Do you have it? Can you command the room? Do people stop and listen when you speak? If so, you have likely mastered the illusive art of “executive presence,” a term that’s been buzzing around leadership circles recently. If not, you may be in for a rude awakening.
According to a new study by the Centre for Talent Innovation, a non-profit research organisation in New York, being perceived as leadership material is essential to being promoted into leadership positions. In fact, the 268 senior executives surveyed said “executive presence” counts for 26% of what it takes to get promoted.
So what is executive presence? The ability to project gravitas–confidence, poise under pressure and decisiveness—seems to be its core characteristic, according to more than two-thirds of the executives surveyed. Furthermore, communication—including speaking skills, assertiveness and the ability to read an audience or situation—and appearance contribute to a person’s perceived executive presence.
Communications expert Karen Friedman says oftentimes people who exhibit executive presence exude a “wow factor,” or magnetism, and are able to easily influence others. They often speak up, use strong and clear language, communicate with passion and energy, and display positive body language by standing tall, making eye contact, offering a firm handshake and using an authoritative tone of voice. Moreover, nearly 60% of the executives surveyed said sounding uneducated negatively impacts the way others perceive you.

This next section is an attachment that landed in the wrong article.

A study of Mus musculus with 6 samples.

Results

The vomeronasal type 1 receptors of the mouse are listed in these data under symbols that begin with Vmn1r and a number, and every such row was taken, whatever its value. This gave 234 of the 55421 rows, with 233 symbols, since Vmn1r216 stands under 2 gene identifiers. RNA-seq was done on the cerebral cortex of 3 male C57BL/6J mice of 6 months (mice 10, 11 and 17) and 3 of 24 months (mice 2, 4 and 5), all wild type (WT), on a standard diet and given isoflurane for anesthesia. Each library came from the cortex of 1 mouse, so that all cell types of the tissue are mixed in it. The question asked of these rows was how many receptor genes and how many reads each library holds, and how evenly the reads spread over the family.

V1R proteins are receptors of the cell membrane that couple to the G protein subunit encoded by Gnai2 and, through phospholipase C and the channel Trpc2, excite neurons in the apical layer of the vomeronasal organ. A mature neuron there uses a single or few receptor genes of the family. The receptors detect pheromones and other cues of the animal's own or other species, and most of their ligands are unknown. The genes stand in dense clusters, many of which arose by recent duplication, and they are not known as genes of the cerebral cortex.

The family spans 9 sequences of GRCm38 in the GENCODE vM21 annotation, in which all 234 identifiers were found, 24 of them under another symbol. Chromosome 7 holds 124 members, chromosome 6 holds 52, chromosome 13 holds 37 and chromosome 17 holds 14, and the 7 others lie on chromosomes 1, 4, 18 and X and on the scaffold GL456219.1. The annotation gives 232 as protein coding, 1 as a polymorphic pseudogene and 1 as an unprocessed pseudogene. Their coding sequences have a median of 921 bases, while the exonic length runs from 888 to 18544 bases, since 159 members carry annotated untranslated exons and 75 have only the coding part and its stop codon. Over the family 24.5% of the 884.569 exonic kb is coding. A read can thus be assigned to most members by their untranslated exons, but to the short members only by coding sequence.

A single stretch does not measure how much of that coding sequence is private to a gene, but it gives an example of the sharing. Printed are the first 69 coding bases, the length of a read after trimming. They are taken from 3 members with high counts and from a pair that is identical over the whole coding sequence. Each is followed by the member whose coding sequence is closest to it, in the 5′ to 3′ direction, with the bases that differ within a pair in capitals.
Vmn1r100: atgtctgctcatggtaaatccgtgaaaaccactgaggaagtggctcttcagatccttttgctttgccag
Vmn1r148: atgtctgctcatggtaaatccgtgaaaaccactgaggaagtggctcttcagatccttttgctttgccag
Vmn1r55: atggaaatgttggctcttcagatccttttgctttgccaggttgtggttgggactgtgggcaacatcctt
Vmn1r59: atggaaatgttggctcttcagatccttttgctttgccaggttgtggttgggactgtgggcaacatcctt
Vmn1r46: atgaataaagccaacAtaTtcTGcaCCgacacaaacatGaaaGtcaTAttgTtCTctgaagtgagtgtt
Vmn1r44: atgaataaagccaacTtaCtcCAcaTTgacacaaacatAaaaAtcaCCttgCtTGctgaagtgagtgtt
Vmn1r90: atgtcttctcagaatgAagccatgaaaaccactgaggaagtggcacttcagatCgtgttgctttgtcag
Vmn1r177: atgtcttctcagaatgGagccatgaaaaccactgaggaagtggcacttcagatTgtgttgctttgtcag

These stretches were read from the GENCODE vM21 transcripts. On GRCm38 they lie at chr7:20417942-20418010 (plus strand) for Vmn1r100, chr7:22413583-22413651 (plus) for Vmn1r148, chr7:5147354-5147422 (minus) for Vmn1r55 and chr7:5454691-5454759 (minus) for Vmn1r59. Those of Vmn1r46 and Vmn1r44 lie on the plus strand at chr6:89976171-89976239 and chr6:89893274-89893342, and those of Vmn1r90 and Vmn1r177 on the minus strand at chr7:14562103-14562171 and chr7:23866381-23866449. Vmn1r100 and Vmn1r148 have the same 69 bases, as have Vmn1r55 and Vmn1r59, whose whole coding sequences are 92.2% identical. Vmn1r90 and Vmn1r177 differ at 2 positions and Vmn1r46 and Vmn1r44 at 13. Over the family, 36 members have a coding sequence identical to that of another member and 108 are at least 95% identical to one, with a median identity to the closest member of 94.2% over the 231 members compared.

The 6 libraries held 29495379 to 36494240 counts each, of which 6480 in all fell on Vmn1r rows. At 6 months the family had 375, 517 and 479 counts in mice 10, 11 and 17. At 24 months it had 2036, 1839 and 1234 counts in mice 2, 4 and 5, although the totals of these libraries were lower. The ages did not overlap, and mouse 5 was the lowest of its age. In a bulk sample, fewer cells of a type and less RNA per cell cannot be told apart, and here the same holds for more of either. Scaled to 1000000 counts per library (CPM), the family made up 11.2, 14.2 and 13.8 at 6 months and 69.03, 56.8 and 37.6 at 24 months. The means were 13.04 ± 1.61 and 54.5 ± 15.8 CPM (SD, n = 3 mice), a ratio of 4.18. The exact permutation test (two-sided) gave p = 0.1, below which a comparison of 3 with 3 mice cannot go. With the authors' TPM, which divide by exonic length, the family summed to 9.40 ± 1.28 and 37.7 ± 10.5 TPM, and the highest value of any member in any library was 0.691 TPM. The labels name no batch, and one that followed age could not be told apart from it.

Appearance represents just a small part of it, but those surveyed said major mistakes in appearance can be detrimental. More than three-quarters said unkempt attire detracts from both men and women’s executive presence, and among women specifically, 73% said too-tight or provocative clothing undercuts it.
The study authors say the findings offer new insight into why fewer women make it to the C-suite. Women and racial minorities were found to struggle more with executive presence, likely because corporate culture has long been a bastion of white men. Some 56% of minority-race professionals feel they are held to a stricter code, compared to 31% of white professionals. Meanwhile, women said feedback on executive presence is often contradictory and confusing, which may be why a whopping 81% say they’re unclear about how to act on it.
John Beeson, principal of management consulting firm Beeson Consulting, says executive presence can be developed “if you have a baseline of self-confidence and a willingness to deal with unpredictable situations” that come with executive leadership responsibilities. He recommends asking two or three people you trust to offer honest feedback; looking for opportunities to hone your presentation skills, as public speaking is an important executive requirement; and finding your executive voice, meaning identifying your communication assets—like listening, thinking and speaking on your feet, or maintaining composure—and leveraging them.